Mount Rushmore National Memorial under construction.
The workers had to endure conditions that varied from blazing hot to bitterly cold and windy. Each day they climbed 700 stairs to the top of the mountain to punch-in on the time clock. Then 3/8 inch thick steel cables lowered them over the front of the 500-foot face of the mountain in a "bosun chair." Despite the dangers, no one was killed during the project.
Otters in Glacier Bay National Park and Preserve, Alaska.
The sea otter population of Glacier Bay has increased dramatically in the past 20 years. Ecologists consider sea otters a keystone species here. Otters consume vast quantities of clams, urchins, crabs, and other invertebrates and their presence creates ripples through the ecosystem. NPS photo.
Every day someone like you becomes a wildland wildfire fighter, a teacher, a trail-builder, a museum curator, or a park ranger. Discover your opportunities in national parks. Come to play. Come to learn. Come to serve. Develop your environmental leadership skills. Find a job. Be the next generation to preserve and protect these great places.
With more than 80% of Americans living in urban areas, urban parks are more important than ever. The father of American landscape architecture, Frederick Law Olmsted, said of urban parks:
It is one great purpose of the Park to supply to the hundreds of thousands of tired workers, who have no opportunity to spend their summers in the country, a specimen of God's handiwork that shall be to them, inexpensively, what a month or two in the White Mountains or the Adirondacks is, at great cost, to those in easier circumstances.
Salazar Welcomes Second Century Commission Report on Future of National Park System
Last edited 4/25/2016
WASHINGTON — Secretary of the Interior Ken Salazar today commended the members of the National Parks Second Century Commission for their report on the future of the National Park System, which includes a wide range of recommendations for enhancing all aspects of our national parks.
“I applaud the commission for leaving no stone unturned in seeking ways to enhance our National Park System so that we might better honor our nation's beauty, history and culture, conserve our treasured landscapes and their wildlife, and both inform and inspire the American people,” Salazar said. “The report provides a foundation upon which to build an even brighter future for our already outstanding national parks.”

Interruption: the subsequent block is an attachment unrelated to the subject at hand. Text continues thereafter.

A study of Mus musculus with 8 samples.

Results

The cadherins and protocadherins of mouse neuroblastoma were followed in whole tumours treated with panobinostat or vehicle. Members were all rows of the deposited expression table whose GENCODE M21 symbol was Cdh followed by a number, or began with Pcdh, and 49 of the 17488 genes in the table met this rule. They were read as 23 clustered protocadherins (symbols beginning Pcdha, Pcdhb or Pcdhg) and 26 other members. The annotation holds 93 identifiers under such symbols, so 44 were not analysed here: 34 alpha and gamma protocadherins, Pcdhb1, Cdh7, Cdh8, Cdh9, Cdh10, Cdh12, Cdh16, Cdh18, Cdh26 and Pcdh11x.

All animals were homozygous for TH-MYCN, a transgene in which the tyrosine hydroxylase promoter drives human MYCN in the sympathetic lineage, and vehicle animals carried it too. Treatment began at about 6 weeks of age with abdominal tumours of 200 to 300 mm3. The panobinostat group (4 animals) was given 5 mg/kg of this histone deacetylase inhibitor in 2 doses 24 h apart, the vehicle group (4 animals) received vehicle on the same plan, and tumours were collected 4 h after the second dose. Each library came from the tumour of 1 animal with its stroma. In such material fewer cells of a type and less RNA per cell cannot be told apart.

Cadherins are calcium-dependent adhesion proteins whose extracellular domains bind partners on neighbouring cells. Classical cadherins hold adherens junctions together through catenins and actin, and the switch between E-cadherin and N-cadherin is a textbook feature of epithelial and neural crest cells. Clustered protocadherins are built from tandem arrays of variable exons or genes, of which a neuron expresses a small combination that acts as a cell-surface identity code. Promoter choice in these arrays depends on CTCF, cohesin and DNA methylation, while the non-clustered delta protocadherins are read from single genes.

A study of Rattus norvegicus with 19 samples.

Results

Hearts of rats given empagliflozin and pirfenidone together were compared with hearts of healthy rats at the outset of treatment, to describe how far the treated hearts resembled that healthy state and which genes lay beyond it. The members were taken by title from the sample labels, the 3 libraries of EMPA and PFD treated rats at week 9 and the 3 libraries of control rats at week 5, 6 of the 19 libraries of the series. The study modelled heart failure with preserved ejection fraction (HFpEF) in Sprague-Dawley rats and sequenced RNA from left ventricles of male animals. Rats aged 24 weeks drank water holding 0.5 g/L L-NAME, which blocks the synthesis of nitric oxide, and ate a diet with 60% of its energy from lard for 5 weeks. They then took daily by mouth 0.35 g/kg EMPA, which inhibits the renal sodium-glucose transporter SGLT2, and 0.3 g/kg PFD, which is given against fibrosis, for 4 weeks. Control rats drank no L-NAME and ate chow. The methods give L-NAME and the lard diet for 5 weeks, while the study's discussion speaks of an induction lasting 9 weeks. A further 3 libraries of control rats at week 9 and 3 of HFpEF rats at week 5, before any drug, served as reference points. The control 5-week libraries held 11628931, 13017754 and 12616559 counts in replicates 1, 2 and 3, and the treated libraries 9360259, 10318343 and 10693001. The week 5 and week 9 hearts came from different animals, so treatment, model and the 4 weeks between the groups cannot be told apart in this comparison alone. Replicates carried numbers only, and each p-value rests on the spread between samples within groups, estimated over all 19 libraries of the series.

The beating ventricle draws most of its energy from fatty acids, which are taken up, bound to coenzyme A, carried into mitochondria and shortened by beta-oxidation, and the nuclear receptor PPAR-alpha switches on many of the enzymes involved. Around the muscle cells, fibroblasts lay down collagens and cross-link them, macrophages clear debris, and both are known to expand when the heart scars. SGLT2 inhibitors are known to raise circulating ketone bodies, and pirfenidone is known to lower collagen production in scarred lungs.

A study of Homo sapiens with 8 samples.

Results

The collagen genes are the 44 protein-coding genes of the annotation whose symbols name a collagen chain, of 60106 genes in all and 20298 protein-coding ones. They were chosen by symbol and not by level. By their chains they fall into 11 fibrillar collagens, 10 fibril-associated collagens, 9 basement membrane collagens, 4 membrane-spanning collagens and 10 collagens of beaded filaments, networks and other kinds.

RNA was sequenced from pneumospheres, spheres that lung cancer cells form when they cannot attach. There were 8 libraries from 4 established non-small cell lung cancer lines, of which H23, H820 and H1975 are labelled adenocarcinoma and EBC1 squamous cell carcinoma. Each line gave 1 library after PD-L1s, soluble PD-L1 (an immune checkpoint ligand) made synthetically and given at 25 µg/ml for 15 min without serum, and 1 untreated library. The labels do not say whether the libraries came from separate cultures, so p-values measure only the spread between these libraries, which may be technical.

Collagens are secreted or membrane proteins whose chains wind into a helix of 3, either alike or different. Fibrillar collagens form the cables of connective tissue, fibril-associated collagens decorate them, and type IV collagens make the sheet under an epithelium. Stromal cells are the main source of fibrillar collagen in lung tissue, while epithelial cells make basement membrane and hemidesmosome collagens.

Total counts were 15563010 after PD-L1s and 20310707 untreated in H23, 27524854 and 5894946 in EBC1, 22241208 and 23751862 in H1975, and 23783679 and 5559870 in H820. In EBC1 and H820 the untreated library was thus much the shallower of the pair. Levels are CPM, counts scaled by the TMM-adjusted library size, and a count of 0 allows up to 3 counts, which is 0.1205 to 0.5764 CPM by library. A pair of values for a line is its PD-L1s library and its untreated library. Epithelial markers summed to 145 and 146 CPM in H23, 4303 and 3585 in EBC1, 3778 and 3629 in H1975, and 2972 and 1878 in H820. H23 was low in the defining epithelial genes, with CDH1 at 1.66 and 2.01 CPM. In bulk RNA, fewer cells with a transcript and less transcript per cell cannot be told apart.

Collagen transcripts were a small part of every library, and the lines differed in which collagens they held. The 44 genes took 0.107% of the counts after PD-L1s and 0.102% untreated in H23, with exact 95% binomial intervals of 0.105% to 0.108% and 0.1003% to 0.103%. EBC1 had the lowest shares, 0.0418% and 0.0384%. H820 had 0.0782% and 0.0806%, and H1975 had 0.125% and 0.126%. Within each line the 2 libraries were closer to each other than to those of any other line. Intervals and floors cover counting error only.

The National Parks Conservation Association convened the commission, chaired by former U.S. Senators Howard Baker and J. Bennett Johnston, to produce a comprehensive report on the park system as it nears its 100th anniversary in 2016 and begins a second century.
The commission consists of nearly 30 national leaders, experts and thinkers drawn from a broad range of backgrounds, including scientists, historians, conservationists, academics, business leaders, policy experts, and retired National Park Service officials.
In its report, entitled “Advancing the National Park Idea,” the panel said that the National Park System is at a crossroads, facing challenges such as urgent environmental problems, a burgeoning population and critical needs in education. It called for a new vision recognizing the interrelationships between human beings and the natural world and the need for a sustainable relationship between people and the planet.
The report also included recommendations to strengthen the educational role of the National Park System, including new partnerships with the formal education community.
“National parks are no longer just far away places where people go to visit,” Salazar said. “We now have nearly 400 national parks, many of them in or near cities. We have a major role in supporting local communities and especially in fueling a passion our young people for our natural and historical heritage that will help them build a better future for our country.”